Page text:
My Partner Breached a Contract – Now What?
My Partner Breached a Contract – Now What?

When you and another person enter a contract, both parties must abide by the outlined information. If the other party, which would be considered your partner, does not follow through as indicated, he or she has officially breached the contract. Unfortunately, this is something that happens quite often. Instead of doing nothing, remember that your contract is enforceable.

As an example, if you were hired to install a privacy fence for $3,000, excluding materials, and the contract states you will receive 50 percent upfront and 50 percent upon completion, the other party is required to follow through. If your work is done to the homeowner’s satisfaction but no final payment is received or you receive only a partial final payment on the due date, your partner breached the contract.

Depending on the amount of money involved and the type of breach, you may be able to recoup lost finances in small claims court. However, if the dollar amount exceeds the court’s maximum, your best course of action is to hire a reputable attorney. This is also the best option in more challenging breached contract cases. In some cases, going after monies due can cost you more time and money than justified. Of course, for a significant loss, you want to hire a qualified attorney.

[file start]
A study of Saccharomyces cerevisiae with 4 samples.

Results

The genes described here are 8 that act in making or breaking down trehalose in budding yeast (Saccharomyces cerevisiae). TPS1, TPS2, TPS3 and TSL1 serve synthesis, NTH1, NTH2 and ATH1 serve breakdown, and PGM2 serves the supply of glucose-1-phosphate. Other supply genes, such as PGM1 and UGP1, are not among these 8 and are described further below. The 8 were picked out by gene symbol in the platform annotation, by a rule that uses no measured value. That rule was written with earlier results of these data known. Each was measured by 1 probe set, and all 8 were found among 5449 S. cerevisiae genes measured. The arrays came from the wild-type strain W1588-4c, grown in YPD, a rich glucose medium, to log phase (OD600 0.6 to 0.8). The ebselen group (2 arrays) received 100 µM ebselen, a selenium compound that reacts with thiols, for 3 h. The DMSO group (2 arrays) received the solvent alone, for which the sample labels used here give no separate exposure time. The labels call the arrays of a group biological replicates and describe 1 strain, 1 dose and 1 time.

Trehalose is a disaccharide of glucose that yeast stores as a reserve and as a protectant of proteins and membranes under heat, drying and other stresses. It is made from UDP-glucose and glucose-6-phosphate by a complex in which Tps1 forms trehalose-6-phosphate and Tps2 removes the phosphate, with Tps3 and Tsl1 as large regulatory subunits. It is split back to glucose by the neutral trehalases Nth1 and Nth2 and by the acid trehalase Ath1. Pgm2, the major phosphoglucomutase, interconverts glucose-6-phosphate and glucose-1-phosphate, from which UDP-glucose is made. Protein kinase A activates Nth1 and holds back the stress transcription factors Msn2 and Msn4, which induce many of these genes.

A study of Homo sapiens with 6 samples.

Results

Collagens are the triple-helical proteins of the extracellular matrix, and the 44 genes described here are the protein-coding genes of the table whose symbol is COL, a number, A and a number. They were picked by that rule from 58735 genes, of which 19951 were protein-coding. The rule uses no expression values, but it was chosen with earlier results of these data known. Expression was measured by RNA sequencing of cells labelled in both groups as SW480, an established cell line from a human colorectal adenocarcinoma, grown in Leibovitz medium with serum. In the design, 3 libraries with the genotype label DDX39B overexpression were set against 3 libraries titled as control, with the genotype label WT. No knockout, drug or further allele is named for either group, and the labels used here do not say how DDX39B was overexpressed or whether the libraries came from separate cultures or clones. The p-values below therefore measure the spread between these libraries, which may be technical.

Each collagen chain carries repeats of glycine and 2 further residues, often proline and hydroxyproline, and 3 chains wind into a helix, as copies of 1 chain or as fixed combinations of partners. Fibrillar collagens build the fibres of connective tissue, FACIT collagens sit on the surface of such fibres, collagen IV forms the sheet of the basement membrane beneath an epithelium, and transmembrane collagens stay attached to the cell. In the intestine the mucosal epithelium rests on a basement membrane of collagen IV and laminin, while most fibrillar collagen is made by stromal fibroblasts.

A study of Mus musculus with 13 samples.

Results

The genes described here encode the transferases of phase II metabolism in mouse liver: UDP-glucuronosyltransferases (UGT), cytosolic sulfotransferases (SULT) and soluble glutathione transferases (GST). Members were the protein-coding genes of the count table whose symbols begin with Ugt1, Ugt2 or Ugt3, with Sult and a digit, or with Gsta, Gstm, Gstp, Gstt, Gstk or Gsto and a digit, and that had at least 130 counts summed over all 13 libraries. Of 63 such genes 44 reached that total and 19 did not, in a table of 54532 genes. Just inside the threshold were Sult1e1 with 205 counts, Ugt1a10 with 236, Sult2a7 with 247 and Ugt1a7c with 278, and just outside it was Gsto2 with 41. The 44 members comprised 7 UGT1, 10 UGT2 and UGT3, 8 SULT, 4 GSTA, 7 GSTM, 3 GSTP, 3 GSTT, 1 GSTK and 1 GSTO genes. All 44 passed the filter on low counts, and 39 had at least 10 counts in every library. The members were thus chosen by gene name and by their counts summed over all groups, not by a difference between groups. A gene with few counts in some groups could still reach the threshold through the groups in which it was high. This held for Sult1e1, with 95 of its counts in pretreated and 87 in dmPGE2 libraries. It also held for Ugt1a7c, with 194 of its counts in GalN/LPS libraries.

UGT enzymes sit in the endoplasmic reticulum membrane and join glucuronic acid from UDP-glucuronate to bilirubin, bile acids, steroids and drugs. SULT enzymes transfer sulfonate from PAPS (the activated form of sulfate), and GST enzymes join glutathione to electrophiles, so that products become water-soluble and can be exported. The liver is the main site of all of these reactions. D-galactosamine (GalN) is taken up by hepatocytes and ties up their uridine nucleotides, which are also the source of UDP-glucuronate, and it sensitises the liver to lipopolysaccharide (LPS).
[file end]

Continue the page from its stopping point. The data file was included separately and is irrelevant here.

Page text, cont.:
• Material Breach – In this type of breach, your partner failed to perform his or her duties as set forth in the contract. Although this is the most serious of all breaches, due to failure on your partner’s end, you will likely recover some or all of your financial loss. To be successful, your attorney will prove that you completed your end of the bargain while your partner failed to perform.
  • Fundamental Breach – In most cases, this type of contract breach is handled in a court higher than small claims. This violation allows you to stop the performance of the contract and sue for damages. A prime example involves signing a lease on an apartment only to discover on move-in day that another family is already living there.
  • Anticipatory Breach – You can claim that the contract was breached when it becomes clear that your partner has no intention of following through on his or her responsibilities within the specified timeline. For instance, if something was to be completed no later than Aug. 10 but work had not even begun on Aug. 9, there is no way that the contract can be fulfilled.
  • Minor Breach – This is when only a portion of the contract is breached. While the majority of the work was completed, the required changes, modifications, or adjustments were not done. Therefore, you cannot sue for performance, but you might be able to sue for monetary damages or perhaps force your partner to make all necessary corrections.

For all contract breaches, your case needs to be credible. Your attorney must see the signed contract and establish the date when it was executed, the date when the breach occurred, the amount of money that you lost, and that your partner was responsible.